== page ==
Thursday, May 1, 2008

knowing and not knowing

I always remember one line of Sethji (Shri Jaydayalji Goyandka, the founder of Gita Press). He said – 'The one who says I have realized (attained God), the one who says I have not, the on who says I do not know whether I have or not – all three have not realized (attained God).' "
If no one among the three groups has realized God, then who has realized God? Kindly explain.
This is a very beautiful concept that is originally found in the Kena Upanishad.
The translation is as follows
2.2 The disciple said: I do not think I know It(Brahman) well, nor do I think I do not know It. He among us who knows the meaning of "Neither do I not know, nor do I know"—knows Brahman.
2.3 He by whom Brahman is not known, knows It; he by whom It is known, knows It not. It is not known by those who know It; It is known by those who do not know It.

Basically the knowledge "aham brahmasmi" is the knowledge about one's true self, it is a knowledge of right self-identity. As even this knowledge arises, the false superimposition called the Ego vanishes.
In other words, self-knowledge is not knowledge of something, like knowledge of a pot or knowledge of a flower, but is a subjective knowledge of the real "I" - sat-chit-ananda.
So if i say i know brahman, it means that there are two entities - i and brahman. that how can i and brahman be the same? only when it is realized firmy as one's own swarupa and not as a "thing" to be known can one says "he knows" or "he is realized"

Now let us take the three groups mentioned by the revered Giyandka-ji.
The one who does not know whether he knows or does not know is clearly ignorant of what this knowledge is. If you ask him do you know who you are or who is Ishwara he has no clue.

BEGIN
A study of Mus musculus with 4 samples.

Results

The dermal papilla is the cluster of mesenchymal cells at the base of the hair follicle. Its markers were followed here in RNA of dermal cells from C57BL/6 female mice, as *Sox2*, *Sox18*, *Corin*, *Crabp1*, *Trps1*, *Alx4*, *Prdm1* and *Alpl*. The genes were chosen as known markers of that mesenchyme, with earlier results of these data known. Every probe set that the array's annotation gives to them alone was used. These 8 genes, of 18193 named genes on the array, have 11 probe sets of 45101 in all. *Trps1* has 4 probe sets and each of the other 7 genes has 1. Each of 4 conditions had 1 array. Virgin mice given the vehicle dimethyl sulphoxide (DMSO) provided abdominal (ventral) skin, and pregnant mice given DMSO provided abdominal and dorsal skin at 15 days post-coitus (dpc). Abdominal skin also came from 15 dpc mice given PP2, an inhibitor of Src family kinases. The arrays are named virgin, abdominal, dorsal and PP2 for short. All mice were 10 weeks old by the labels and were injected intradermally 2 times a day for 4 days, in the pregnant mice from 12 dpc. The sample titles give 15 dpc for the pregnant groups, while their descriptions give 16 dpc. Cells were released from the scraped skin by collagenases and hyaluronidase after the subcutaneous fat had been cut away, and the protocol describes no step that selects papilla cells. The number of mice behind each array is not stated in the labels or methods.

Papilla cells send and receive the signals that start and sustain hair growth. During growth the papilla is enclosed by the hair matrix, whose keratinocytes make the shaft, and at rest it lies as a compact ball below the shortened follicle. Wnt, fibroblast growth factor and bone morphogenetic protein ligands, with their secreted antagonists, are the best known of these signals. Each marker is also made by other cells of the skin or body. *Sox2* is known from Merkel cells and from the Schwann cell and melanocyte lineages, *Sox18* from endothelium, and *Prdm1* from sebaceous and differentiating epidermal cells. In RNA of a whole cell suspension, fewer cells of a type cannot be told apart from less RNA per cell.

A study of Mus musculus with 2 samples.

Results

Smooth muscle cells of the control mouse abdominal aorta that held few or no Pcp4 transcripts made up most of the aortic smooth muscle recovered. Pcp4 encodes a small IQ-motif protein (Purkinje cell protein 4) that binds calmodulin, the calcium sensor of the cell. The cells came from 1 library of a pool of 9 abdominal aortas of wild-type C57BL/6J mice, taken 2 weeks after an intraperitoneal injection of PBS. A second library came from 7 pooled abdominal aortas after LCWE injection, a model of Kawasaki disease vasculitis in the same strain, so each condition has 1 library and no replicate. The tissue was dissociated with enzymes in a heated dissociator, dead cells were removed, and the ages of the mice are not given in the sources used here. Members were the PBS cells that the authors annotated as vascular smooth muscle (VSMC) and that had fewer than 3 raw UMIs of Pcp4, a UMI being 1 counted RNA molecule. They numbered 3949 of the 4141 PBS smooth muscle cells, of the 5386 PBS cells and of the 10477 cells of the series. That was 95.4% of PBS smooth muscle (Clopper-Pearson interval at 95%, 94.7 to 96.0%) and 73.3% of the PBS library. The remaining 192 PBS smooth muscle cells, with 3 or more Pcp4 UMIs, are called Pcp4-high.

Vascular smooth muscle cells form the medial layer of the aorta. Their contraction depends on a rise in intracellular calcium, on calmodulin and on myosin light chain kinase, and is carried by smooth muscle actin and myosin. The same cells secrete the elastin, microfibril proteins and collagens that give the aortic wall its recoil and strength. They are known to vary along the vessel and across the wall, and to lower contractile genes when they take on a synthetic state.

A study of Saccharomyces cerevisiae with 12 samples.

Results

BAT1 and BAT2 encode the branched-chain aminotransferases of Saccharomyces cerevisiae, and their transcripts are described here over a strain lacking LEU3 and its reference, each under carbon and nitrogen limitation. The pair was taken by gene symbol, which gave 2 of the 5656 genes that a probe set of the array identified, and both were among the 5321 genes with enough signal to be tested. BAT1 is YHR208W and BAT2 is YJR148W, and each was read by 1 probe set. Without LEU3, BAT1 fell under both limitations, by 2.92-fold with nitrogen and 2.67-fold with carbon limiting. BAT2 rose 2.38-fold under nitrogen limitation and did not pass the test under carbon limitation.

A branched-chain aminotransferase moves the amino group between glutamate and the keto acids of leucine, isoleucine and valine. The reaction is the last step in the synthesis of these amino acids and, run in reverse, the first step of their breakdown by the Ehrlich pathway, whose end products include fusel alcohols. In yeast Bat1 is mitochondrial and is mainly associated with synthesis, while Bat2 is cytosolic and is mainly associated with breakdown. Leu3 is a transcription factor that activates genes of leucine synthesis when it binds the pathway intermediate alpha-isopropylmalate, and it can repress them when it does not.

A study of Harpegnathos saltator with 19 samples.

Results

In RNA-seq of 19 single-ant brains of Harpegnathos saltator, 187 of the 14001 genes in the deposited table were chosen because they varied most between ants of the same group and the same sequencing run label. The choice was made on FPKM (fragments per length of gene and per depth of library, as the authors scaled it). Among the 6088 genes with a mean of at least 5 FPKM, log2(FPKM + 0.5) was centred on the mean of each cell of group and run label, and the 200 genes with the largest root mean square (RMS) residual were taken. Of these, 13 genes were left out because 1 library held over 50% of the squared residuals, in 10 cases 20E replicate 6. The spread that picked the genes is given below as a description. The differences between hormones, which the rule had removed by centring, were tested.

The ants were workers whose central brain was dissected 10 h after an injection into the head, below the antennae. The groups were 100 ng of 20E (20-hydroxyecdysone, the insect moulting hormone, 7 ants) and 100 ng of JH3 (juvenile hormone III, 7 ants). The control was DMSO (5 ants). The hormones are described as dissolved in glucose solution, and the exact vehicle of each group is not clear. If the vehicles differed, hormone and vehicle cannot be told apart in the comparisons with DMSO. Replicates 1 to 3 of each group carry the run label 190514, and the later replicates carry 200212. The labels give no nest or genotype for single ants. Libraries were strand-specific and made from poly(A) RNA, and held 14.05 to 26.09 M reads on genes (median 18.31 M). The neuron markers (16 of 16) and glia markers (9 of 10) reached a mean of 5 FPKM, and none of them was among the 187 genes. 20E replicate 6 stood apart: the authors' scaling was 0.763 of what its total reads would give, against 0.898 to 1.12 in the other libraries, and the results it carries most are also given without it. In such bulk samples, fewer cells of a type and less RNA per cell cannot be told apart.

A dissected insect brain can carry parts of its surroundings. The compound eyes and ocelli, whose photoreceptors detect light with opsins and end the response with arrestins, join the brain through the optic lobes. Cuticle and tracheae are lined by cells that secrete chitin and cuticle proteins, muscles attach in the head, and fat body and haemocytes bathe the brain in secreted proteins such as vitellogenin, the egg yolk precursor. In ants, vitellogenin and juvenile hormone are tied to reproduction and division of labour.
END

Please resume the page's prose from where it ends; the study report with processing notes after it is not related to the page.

The one who says he is realized also does not know. This is because for a reality there was never a time when he was not realized. Bondage and its release are both fictitious from his standpoint - the one who was bound and the one who obtained release were both the very same imposter - the ego, which meets its death upon realization. So there is no "i"-sense that will say i am realized.

The one who says "i am not realized" is ascribing a reality to his bondage. Under the firm sway of avidya, he is sure that he does not know nor does he possess the means to know the Divine which is ever his true nature, right at this very moment.


Anonymous said...

Today , i would like to share the following verse from Khalil Gibran's prophet !

And a man said, "Speak to us of Self-Knowledge."

And he answered, saying: Your hearts know in silence the secrets of the days and the nights. But your ears thirst for the sound of your heart's knowledge. You would know in words that which you have always known in thought. You would touch with your fingers the naked body of your dreams.

And it is well you should. The hidden well-spring of your soul must needs rise and run murmuring to the sea; And the treasure of your infinite depths would be revealed to your eyes. But let there be no scales to weigh your unknown treasure; And seek not the depths of your knowledge with staff or sounding line. For self is a sea boundless and measureless.

Say not, "I have found the truth," but rather, "I have found a truth." Say not, "I have found the path of the soul." Say rather, "I have met the soul walking upon my path." For the soul walks upon all paths. The soul walks not upon a line, neither does it grow like a reed. The soul unfolds itself, like a lotus of countless petals.


Anonymous said...
This comment has been removed by a blog administrator.
Anonymous said...
This comment has been removed by a blog administrator.